I couldn't agree more: feta, loukoumades, mezze, tzatziki, olive oil, octopus.... damn, I'm hungry now....

http://www.huffingtonpost.com/2014/03...


      Well, gee, man. It's about time you showed up here.

      1. re: linguafood

        I'm here now. and I'm so happy I am.

    2. Nice food, nice climate, failed country.

      1 Reply
      1. re: smoledman

        and since they deleted, as I knew they would, please explain. I'm lost in your statement as it pertains to the food related link in the OP

      2. Thanks for the torture! A few weeks until Greek Easter for me:)

        1 Reply
        1. re: BubblyOne

          it's a teaser to keep you going throughout Lent. ;-)

        2. They forget Keftedes, marithes, kasseri cheese, taromasalata, pastitsou and most importantly horta.

          9 Replies
          1. re: MVNYC

            I believe tarama falls under the category "dips" or mezze.

            But the list is certainly not comprehensive, I give you that.

            1. re: linguafood

              It's a teaser. Listing only 16.

              Frappe is on the list. And rightfully so!

              1. re: Gastronomos

                I've always found frappe too sweet. I'll stick to the wine....

                1. re: linguafood

                  really? it's made to order with as much, or as little sugar as you please. I take two spoonful of coffee and a half a spoonful of sugar and I find that in a tall glass it is plenty sweet enough. dang. I gotta go get me one right now!

                  1. re: Gastronomos

                    I just don't like sweet drinks, and the one or two versions I've tried (not knowing I could request it less sweet) were crazy sweet.

                    1. re: linguafood

                      I could definitely see that as a big turn off. I had a café make it too sweet for me after she asked me how I like it. Some people live on sugar it seems.

                      It's worth another try.

                      I make Frappe at home in the summer.

                      I will also say that it seems a trend amongst young Greeks to drink Frappe too sweet. They also seem to believe that a quarter spoonful of coffee and several spoonful of sugar is the way to go with lots of milk... blech

                      evaporated milk is a nice touch...just sayin'

                      1. re: Gastronomos

                        My summer drink of choice -- when it's really, really, really hot -- is ayran. Salty ayran. Great with Greek food, too.

                        1. re: linguafood

                          lingua, you should know better than to insult me like that. but, I forgive you. ayran could be a refreshing and tasty summer treat...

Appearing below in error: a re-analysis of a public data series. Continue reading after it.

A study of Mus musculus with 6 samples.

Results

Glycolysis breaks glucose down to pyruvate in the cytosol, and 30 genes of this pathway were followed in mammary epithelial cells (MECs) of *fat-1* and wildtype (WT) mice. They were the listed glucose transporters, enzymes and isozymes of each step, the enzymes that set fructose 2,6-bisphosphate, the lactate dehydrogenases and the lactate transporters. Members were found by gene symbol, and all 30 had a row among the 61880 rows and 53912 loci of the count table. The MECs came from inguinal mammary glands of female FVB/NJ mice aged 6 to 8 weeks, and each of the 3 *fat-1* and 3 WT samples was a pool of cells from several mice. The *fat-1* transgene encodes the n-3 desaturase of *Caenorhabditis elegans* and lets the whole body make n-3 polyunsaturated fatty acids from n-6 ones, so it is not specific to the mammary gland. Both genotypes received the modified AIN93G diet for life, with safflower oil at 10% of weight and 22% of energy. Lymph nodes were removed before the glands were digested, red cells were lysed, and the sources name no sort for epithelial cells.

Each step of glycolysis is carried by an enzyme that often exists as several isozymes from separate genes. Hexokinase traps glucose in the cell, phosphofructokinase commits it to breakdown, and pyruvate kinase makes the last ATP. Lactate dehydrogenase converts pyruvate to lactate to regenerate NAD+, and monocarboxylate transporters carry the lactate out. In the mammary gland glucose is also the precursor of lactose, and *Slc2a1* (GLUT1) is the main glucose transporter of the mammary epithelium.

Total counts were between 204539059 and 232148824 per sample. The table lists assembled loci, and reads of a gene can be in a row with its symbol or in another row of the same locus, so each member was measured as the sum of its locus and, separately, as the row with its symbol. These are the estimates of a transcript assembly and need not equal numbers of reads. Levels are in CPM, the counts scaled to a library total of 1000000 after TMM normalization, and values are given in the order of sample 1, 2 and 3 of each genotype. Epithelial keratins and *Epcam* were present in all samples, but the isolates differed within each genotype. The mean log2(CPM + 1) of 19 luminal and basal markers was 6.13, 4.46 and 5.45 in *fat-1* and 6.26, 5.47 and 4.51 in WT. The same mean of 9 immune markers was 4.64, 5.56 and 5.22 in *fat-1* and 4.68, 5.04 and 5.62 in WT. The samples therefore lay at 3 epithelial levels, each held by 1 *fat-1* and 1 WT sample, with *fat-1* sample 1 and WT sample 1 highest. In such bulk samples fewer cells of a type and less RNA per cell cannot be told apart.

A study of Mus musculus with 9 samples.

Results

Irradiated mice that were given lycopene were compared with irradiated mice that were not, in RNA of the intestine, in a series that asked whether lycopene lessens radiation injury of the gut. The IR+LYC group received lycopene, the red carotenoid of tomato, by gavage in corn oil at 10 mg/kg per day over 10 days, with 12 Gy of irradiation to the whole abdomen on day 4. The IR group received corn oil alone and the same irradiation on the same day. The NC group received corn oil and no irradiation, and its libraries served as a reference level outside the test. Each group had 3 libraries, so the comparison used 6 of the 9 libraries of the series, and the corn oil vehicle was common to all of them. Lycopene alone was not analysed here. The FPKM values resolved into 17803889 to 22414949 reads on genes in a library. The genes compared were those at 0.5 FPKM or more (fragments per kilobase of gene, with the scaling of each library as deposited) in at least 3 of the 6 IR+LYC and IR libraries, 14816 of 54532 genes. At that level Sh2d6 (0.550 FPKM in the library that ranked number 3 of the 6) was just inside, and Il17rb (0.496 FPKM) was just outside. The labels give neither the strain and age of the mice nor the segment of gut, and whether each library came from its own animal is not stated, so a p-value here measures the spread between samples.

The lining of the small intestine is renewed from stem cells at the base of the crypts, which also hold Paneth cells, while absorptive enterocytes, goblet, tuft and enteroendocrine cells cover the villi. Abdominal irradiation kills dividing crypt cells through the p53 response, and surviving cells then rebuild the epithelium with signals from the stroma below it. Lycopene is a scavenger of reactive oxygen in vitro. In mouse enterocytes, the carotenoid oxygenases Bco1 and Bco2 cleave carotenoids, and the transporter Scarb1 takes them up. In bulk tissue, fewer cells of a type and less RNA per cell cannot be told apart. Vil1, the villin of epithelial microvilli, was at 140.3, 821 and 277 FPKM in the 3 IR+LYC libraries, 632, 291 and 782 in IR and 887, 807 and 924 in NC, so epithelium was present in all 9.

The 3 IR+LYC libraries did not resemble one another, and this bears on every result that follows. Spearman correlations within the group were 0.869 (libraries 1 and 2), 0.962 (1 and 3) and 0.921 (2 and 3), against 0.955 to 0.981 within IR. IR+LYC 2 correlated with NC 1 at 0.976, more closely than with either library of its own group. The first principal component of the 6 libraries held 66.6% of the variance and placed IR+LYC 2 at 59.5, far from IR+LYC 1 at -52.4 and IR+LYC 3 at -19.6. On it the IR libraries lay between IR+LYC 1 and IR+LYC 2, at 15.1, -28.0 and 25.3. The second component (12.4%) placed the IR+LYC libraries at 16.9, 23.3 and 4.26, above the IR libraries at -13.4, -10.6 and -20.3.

2. Umm OREGANO! Cant imagine what cooking would be like without it.

            7 Replies
            1. re: daislander

              I agree.

              Interesting fact, Oregano was not used in Athens Cuisine (until recently - 20-30yrs). It was widely used in the rest of Greece and Greek territories, especially in mountainous villages where it grows wild and fragrant.

              In fact, my family, born and raised in Athens Greece, still does not use oregano in anything.

              As a Greek of the Diaspora, I use it. Even though when I visit family in Athens Greece, they mock me.

              1. re: Gastronomos

                That is interesting but hard to believe. The city is not far from the mountains and many people must have brought the use of oregano with them when they moved there all threw history.
                Is it because your family never cooked with it you think that? I have never heard this. Most of my family all lives in Athens now but have only been there for 30 yrs.

                1. re: daislander

                  Exactly. 20-30 years. that's when the emigrants brought the culinary use of oregano to Athens.

                  As is true in many cities worldwide, the country cuisine and the city cuisine are not the same.

                  Cities tend to have a more 'refined' cuisine, if you will, and, in this case, Athens did not use oregano as it was used only in country cuisine in the villages.

                  My family born and raised in Athens Greece, oldest Aunt still alive born 1931, made some funny comments about the sprinkling of oregano on a tomato salad (Greek salad) and blamed my dad for the faux pas and said he's been taken 'backward' by his move to the USA and the diaspora. Funny stuff. But true.

                  We use oregano at home here in New York, but when in Athens, we eat with family that has not and does not.

                  We are a minority though. Both here in the US and in Greece. Most claim heritage from villages and islands.

              2. re: daislander

                Give the island of Sicily recognition for good oregano,
                and then thank the Greeks for Kefalograviera.

                1. re: Cheese Boy

                  Sicily has good oregano, for sure. As do the regions of Calabria (Καλαβρία) and Apulia/Puglia

                  1. re: Gastronomos

                    They're not called Magna Graecia for nothing.

                2. re: daislander

                  I adore oregano. For some reason, I use it in so much of my cooking- more than I ever expected.